My main field of research is decolonial thought, especially as advanced by Latin American and Caribbean philosophies. I am thus interested in topics such as the theory and practice of epistemic decolonization; the method, ethics, and politics of liberation philosophy; the Afro-Caribbean anti-colonial tradition, particularly in the works of Sylvia Wynter and Frantz Fanon; the history of Latin American thought; and decolonial feminisms. One aspect of my work, for instance, employs the frameworks of decolonial thinking to examine the intersection between religion, politics, and secularization. This is an inquiry that brings together discussions in philosophy, sociology, and anthropology of religion, as well as political theology, liberation theologies, and critical social theory. I also have interests in critical philosophy of race and comparative philosophy.


I am writing a book tentatively titled Decolonizing the Postsecular, which brings debates on epistemic decolonization to bear on theories of secularization and postsecularity as developed by figures such as Jürgen Habermas and Charles Taylor. It traces the relationship between secularism and colonization and offers an account of the modern dialectics of secularization from the perspective of Latin American and Caribbean decolonial thought. Published articles related to this project can be found in the APA Newsletter on Hispanic/Latino Issues in Philosophy, The Journal of Speculative Philosophy, and Comparative and Continental Philosophy.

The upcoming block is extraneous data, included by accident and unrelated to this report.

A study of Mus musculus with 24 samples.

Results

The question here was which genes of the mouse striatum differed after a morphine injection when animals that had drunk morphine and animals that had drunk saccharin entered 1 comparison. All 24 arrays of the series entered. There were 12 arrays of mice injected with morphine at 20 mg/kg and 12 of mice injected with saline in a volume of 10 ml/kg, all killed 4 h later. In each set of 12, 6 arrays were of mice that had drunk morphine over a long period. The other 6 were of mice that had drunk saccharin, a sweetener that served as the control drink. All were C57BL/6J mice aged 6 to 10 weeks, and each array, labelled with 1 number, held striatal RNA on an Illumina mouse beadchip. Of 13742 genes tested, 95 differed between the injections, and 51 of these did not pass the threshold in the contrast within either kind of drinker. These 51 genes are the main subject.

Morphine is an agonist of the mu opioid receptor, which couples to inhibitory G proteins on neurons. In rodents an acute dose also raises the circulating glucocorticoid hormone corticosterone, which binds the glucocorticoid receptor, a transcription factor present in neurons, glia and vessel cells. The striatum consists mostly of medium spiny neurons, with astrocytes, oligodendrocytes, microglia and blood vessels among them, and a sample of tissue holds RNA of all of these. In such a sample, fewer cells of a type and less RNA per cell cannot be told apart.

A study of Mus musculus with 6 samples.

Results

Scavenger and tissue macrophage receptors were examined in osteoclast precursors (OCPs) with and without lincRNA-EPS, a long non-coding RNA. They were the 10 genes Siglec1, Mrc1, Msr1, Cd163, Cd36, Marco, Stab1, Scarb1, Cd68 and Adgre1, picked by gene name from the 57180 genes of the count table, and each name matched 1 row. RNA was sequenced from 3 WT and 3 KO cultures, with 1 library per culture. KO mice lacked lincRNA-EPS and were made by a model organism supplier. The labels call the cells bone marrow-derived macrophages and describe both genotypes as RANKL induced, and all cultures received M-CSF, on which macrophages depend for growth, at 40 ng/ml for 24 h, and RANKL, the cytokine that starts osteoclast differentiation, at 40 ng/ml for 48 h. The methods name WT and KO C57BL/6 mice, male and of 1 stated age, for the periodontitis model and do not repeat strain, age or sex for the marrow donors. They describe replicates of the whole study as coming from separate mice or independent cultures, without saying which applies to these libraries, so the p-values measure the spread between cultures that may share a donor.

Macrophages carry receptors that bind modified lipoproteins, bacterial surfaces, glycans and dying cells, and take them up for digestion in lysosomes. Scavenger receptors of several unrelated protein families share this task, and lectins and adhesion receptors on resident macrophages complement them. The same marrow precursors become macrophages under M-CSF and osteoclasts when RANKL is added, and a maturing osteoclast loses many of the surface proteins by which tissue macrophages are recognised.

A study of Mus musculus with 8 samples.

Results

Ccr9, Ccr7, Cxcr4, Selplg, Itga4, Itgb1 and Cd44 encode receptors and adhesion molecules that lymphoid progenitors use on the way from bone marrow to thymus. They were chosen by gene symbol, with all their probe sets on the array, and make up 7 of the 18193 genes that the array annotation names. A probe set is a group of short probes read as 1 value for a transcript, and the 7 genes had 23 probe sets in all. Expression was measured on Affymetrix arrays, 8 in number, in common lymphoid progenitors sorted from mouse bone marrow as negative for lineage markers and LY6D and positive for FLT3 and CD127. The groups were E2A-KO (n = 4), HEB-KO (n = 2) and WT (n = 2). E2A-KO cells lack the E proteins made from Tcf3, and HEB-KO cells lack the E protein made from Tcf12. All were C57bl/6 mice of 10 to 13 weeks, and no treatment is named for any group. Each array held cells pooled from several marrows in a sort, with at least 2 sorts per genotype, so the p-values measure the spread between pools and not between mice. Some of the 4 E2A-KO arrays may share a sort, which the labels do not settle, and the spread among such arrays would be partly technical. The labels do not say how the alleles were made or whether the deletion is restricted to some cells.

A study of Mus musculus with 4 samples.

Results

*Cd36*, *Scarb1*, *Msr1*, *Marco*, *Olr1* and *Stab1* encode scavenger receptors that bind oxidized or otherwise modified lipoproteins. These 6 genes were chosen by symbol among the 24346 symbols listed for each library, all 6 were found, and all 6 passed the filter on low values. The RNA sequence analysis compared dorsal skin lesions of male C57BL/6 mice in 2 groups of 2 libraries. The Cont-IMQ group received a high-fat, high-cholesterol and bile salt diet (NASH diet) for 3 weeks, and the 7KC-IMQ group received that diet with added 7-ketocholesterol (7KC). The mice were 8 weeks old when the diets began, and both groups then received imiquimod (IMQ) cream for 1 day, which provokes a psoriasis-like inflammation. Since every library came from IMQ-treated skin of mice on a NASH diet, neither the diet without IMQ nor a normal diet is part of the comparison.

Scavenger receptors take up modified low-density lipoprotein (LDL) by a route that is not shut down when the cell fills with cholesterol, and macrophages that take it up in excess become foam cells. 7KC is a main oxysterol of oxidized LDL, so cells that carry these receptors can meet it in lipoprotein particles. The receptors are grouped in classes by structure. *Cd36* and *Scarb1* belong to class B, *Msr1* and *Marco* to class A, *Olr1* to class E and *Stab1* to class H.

I am also exploring two related constellations that stretch out from Decolonizing the Postsecular. First, the relevance of spirituality to decolonization, which I have explored in an editorial capacity in special issues for The CLR James Journal and LÁPIZ. Second, the relation between philosophy of religion and political theology in the context of epistemic decolonization, which I have thus far explored through Latin American liberation philosophy in the Journal of World Philosophies.

My more general contributions to decolonial thinking can be found in the anthology Decolonising the University (concerning the discipline of philosophy), and TRANSMODERNITY: Journal of Peripheral Cultural Production of the Luso-Hispanic World (on the Zapatistas).

See my Academia page for access to final drafts of all my publications.

Besides DePaul, Rutgers, and Northwestern, my research has been financially supported by the Andrew W. Mellon Foundation, the Social Science Research Council, the Ford Foundation, the Woodrow Wilson National Fellowship Foundation, and the Society for the Advancement of American Philosophy.